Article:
So you’ve awoken to some distressing news – it’s the zombie apocalypse. The people on the telly are urging you lock your doors and steer clear of individuals with chunks of their head missing, as if they’re the kind of folk you’d usually invite in for tea and biscuits. To make matters worse, your once-lovely girlfriend has just tried to eat your face, which might have been a little bit kinky had she not just devoured the cat. She always did know how to kill the mood…
Anyhow, in a situation like this, it’s important not to panic. Ok, maybe panic a little; you did just witness your sweetheart chow down on Mr. Muffykins, and that sh*t is whack. No question.
But fear not! There’s still hope. Remember how you grudgingly sat through one of those awful Resident Evil films? You know, those videogame movies about a virus that escaped from the evil Umbrella Corporation and turned everyone into zombie-like mutants? Yes, you do? Well then, you’re in luck, because if there were ever a situation where something good could come from watching those braaaaain dead movies, that situation would most definitely be the zombie apocalypse.
You see, Resident Evil is a franchise that continues to defy death, now having survived three inane outings to date, the last of which even bore the encouraging name Extinction. Unfortunately, that title didn’t prove prophetic; the fourth film in the series, Resident Evil: Afterlife, is now upon us, and despite the addition of 3D, it’s just as flat as its predecessors.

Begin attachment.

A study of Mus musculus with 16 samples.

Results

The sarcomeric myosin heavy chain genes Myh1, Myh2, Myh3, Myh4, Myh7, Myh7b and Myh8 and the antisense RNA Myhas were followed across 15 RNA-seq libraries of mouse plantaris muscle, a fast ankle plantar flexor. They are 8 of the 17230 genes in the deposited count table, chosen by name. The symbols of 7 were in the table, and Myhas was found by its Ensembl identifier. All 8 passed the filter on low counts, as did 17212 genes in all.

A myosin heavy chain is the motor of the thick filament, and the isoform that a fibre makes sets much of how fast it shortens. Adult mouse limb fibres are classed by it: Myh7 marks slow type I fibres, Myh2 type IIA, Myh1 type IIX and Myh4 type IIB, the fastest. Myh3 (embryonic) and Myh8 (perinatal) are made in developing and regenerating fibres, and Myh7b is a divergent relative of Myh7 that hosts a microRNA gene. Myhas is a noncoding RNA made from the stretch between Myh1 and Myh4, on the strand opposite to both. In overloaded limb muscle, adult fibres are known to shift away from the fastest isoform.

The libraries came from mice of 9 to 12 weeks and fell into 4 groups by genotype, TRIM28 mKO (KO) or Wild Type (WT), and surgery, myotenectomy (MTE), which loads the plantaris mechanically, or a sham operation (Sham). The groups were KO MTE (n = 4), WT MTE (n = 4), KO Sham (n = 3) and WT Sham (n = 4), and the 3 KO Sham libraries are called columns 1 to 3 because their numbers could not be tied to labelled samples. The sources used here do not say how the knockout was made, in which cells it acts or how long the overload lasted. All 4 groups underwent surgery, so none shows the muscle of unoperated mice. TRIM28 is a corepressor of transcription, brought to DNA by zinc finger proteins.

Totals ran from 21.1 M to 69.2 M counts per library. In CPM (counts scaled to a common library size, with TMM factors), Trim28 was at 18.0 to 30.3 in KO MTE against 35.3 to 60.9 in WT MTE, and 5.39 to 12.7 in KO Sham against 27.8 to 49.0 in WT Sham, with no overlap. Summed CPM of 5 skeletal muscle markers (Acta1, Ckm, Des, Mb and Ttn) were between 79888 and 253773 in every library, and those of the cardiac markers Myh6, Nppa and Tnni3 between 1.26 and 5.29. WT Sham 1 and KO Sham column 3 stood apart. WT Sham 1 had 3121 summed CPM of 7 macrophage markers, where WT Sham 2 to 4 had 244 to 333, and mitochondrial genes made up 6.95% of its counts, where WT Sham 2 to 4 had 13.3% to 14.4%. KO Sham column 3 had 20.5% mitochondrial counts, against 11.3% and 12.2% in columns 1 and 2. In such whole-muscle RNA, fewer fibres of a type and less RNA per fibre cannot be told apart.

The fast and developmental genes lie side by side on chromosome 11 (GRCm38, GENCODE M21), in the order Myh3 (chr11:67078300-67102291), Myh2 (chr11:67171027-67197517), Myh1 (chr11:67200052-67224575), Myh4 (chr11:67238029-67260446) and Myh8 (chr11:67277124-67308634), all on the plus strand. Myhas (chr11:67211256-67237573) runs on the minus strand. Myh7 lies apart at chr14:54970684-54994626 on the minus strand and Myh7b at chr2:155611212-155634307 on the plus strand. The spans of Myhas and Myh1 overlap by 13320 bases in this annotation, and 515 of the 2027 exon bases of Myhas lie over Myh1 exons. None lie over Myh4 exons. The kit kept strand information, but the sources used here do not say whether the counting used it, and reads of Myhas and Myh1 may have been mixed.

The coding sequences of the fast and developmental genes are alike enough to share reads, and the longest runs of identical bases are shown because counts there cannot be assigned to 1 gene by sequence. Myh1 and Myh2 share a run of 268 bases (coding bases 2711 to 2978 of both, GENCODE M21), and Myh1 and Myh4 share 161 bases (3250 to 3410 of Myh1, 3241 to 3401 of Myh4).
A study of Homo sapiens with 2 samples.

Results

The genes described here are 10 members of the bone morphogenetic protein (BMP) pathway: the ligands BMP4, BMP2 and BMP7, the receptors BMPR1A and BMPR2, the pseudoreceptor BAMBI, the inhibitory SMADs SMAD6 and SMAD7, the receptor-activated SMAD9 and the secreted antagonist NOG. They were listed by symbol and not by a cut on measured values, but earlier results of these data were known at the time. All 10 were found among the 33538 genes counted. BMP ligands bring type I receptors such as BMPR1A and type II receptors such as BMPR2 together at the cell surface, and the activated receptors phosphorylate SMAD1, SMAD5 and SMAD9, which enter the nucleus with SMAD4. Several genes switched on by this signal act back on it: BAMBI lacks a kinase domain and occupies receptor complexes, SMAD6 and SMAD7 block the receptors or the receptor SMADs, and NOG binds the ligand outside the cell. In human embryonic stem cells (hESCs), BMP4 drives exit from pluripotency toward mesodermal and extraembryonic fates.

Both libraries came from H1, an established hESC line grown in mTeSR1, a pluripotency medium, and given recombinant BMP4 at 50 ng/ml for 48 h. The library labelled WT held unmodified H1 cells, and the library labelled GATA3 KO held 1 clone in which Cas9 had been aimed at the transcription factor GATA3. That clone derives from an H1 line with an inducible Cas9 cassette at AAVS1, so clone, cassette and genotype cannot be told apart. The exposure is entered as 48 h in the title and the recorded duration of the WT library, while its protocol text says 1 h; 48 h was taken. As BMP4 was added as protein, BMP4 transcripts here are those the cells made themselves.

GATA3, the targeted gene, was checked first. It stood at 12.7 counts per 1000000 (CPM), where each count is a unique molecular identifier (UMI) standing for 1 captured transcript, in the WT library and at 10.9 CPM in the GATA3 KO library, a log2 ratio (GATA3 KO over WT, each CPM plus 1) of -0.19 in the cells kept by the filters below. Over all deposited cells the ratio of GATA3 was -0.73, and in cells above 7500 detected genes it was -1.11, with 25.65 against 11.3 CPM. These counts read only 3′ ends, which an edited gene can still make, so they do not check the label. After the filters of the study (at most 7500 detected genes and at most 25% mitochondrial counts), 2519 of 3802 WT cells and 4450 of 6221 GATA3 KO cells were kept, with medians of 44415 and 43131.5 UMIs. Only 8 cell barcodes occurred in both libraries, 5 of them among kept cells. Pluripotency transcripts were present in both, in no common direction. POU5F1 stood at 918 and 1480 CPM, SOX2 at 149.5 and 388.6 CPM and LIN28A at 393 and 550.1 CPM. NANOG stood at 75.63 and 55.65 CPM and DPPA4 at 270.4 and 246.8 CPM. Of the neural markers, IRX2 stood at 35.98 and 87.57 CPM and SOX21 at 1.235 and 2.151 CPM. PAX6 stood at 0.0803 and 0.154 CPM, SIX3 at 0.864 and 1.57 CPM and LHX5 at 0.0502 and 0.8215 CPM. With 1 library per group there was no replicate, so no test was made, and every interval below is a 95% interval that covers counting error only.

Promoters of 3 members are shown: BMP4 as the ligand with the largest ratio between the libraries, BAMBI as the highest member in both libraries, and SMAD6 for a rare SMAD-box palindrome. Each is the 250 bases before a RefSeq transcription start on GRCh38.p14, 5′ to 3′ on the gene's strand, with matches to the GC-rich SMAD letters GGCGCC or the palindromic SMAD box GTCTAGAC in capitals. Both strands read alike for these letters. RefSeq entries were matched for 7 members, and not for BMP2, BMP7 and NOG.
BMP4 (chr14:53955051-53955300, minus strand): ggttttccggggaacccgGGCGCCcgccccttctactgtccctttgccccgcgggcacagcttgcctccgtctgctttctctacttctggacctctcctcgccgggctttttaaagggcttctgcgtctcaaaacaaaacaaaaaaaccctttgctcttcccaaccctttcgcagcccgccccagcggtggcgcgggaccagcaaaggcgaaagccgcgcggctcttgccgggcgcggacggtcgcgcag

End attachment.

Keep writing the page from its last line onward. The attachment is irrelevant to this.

Afterlife has been written and directed by Paul W.S. Anderson (Death Race), although doodled and butchered by Paul W.S. Anderson would have been much more accurate. Having yet to repent for ruining two classic horror franchises with Alien vs. Predator, Anderson is now getting his kicks plagiarising scenes straight from The Matrix, among other superior films, as he runs the classic zombie mythology into the ground. If George A. Romero were dead, he’d most definitely be turning in his grave. But given he’s still alive, I’ll assume he’s just a little bit miffed.
In this installment, Anderson has discovered his favorite new gimmick – slow motion. He uses it like he doesn’t know how to turn it off; people casually walk in slow motion, stand in the rain in slow motion and, on occasion, fight in slow motion. Had Afterlife played at full speed, it probably would have lasted all of 15 minutes. Wouldn’t that have been nice.
Although the film knows not to take itself seriously, the whole debacle isn’t nearly as exciting as it should be, partly because the visual effects are consistently sloppy, but mostly because we’re given no real reason to care for anything or anyone depicted on screen. Why should we when the franchise introduces a new set of disposable cardboard characters with every movie, most of whom look like they’ve just walked off a Dolce&Gabbana photo shoot.
Among the fresh meat, Prison Break’s Wentworth Miller plays an allegedly dangerous convict – obviously a big stretch for him – while Shawn Roberts horribly hams it up as the badass villain, Albert. Admittedly, Albert is not a very badass name, but he makes up for it by insisting on wearing sunglasses deep within an underground research facility. And by golly, it doesn’t get much more badass than that.
As he tends to do with all his movies, Anderson goes out of his way to dehumanise his cast, requiring them to do little more than gruffly mutter a slice of exposition moments before their bloody demise. In fact, leading lady Milla Jovovich is just about the only one who you can be sure will survive the whole ordeal, which isn’t all that surprising given Anderson is married to Jovovich, but a real shame considering her character Alice has about as much personality as the hordes of undead she slays before brunch.
So what’s her secret to surviving the zombie apocalypse? Unfortunately for all the balding, chubby and pimply people of the world, it’s looking super sexy while decapitating things in slo-mo.
Because even zombies like a little bit of eye candy. They tend to be much juicier than the ears.